The prospect of war with North Korea sometimes keeps me up at night.

It only takes a minute to rationalize there is nothing an old guy living in the woods can do about this situation. But by this time, the brain is wide awake.

For most of the year, thoughts about where to go hunting or fishing the next day brings peace and rapid return to sleep. But for the next few weeks, hunting opportunities are few and fishing is generally tough.

Being ripped from the arms of Morpheus and the incubus that is North Korea, counting sheep quickly morphs into counting fish. Last night, the fish were Asian carp—an invasive species.

A Google search reveals there are seven species of Asian carp that have found their way into American waters.

The common carp is not one of them. Common carp came from Asia initially, but they have been here since before Wisconsin achieved statehood.

A white paper done by the Asian Carp Regional Coordinating Committee indicates four of these seven species are considered a threat here in the Great Lakes basin—silver, bighead, grass and black carp.

Bighead carp have ruined the walleye and sauger fishery in the Illinois River, just a hundred miles south of Janesville. An electric barrier in Chicago is doing a fair job of keeping the Asian invasion of this species and silver carp out of Lake Michigan, where it is feared they could eventually enter just about any flowing water in the state.

The damage potential of these invasives to Wisconsin’s watery ecosystems is astronomical.

The pristine waters of Door County provide a chilling example of what could come to pass. A little fish called the goby and the thumb-sized zebra mussel have had a profound impact on the fishing here in just a dozen years—and not for the better.

Wisconsin’s stance regarding invasives is reasonable. Live bait can’t be transported away from the water. Livewell and bilge water must be left at the boat ramp by pulling the appropriate plugs. Weeds must be removed from the boat and trailer before you head down the road.

Unfortunately, invasive species regulations are not uniform in states that border Wisconsin. U.S. Fish & Wildlife Service biologist Ann Runstrom recently sent me a report compiled by the Sea Grant Law Center that was published last month comparing AIS (aquatic invasive species) laws across the United States.

In Wisconsin, if your bilge and livewells are drained and the boat and trailer are free of weeds, you’re free to travel down the road. Should you decide to travel west and fish a lake in Minnesota, the drain plug must be removed.

Last summer, Minnesota game warden J. Fogarty stopped me just prior to launching my boat at a secluded ramp on the west side of the Mississippi River. He observed my drain plug was not removed as I started to back down the boat ramp.

I explained Wisconsin rules to him. He replied ‘this is not Wisconsin!’, as he removed my drain plug with a theatrical pull. Dust ran out all over his boots.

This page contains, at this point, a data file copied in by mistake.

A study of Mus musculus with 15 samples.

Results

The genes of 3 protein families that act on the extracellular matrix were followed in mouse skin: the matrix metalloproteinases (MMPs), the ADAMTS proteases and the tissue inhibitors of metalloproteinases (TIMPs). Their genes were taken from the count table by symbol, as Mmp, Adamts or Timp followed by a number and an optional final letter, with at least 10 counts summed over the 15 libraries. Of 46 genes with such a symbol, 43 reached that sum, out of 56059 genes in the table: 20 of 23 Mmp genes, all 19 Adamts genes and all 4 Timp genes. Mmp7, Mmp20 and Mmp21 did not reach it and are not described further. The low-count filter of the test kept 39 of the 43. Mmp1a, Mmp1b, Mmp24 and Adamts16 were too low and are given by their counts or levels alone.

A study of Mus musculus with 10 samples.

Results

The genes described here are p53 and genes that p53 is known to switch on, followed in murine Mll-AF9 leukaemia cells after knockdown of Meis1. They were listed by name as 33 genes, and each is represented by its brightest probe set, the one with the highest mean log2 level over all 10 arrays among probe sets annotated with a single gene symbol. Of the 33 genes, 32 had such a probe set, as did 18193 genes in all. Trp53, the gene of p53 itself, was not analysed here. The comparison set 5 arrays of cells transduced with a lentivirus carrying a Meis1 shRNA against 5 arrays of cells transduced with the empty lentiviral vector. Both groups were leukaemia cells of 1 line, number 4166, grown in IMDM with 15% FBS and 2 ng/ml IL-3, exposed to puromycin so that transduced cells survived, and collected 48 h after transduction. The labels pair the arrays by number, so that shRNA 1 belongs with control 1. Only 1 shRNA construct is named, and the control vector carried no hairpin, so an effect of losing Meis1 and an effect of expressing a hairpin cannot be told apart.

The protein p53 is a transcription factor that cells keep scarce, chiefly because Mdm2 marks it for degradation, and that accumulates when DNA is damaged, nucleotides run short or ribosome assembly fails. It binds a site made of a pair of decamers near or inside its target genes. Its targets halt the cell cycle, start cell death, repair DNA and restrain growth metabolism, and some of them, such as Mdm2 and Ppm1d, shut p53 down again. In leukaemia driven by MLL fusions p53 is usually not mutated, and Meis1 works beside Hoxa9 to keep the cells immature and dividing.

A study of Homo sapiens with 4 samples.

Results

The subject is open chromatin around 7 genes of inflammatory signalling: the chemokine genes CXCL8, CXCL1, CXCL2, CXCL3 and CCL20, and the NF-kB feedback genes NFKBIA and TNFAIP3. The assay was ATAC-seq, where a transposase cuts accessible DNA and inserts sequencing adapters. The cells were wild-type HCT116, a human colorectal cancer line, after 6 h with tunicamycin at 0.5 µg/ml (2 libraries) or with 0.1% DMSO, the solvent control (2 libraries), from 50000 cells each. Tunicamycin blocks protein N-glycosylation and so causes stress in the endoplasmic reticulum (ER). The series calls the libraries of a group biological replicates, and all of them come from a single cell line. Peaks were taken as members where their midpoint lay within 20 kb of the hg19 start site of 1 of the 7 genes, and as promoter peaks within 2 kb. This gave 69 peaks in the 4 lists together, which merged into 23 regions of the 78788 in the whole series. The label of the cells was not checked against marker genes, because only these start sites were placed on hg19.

Didn’t matter. I got a $135 ticket. The ticket had to be paid before I could launch the boat in Minnesota again. Prior to paying the ticket I had to successfully complete an on-line AIS test.

While taking this test, I learned nightcrawlers are considered an invasive species in Minnesota. Return to the boat ramp with a nice mess of bluegills and throw your remaining two dew worms in the grass and YOU’RE BUSTED.

Common sense and discretion are not included in Minnesota vernacular.

Eyelids are finally getting heavy. Not enough space remains to tell you about white Amur, a.k.a “grass carp”, one of the four Asian invaders seen as harmful in Wisconsin. Multiple reports of this invasive have been filed over the years, most from the Milwaukee area.

But there are reports from Dane County and Sauk County too.

The federal USDA is a good source of information on white Amur.

Did you know the USDA actually provides these grass carp for stocking to control pond weeds in Illinois and Iowa? Some of these ponds are prone to overflow, running eventually into the Wisconsin and Mississippi rivers.

I contacted Tim Yager, USFWS assistant manager for the Upper Mississippi Fish & Wildlife Refuge, at their headquarters in Winona, Minnesota.

Yager told me these white Amur are “triploid, therefore they can’t reproduce—and even if they DID reproduce, their offspring could not reproduce.”

I found this statement troubling.

I phoned FWS biologist Runstrom and was told these Amur were diploid—not triploid—and they could reproduce. Runstrom also said Amur have turned up in fisheries surveys on the Mississippi and Wisconsin Rivers in Grant and Crawford counties.

Suddenly, Kim Jung Un doesn’t seem like much of a threat.

Good night.

Ted Peck, a certified Merchant Marine captain, is an outdoors columnist for The Gazette. Email him at tedpeck@acegroup.cc.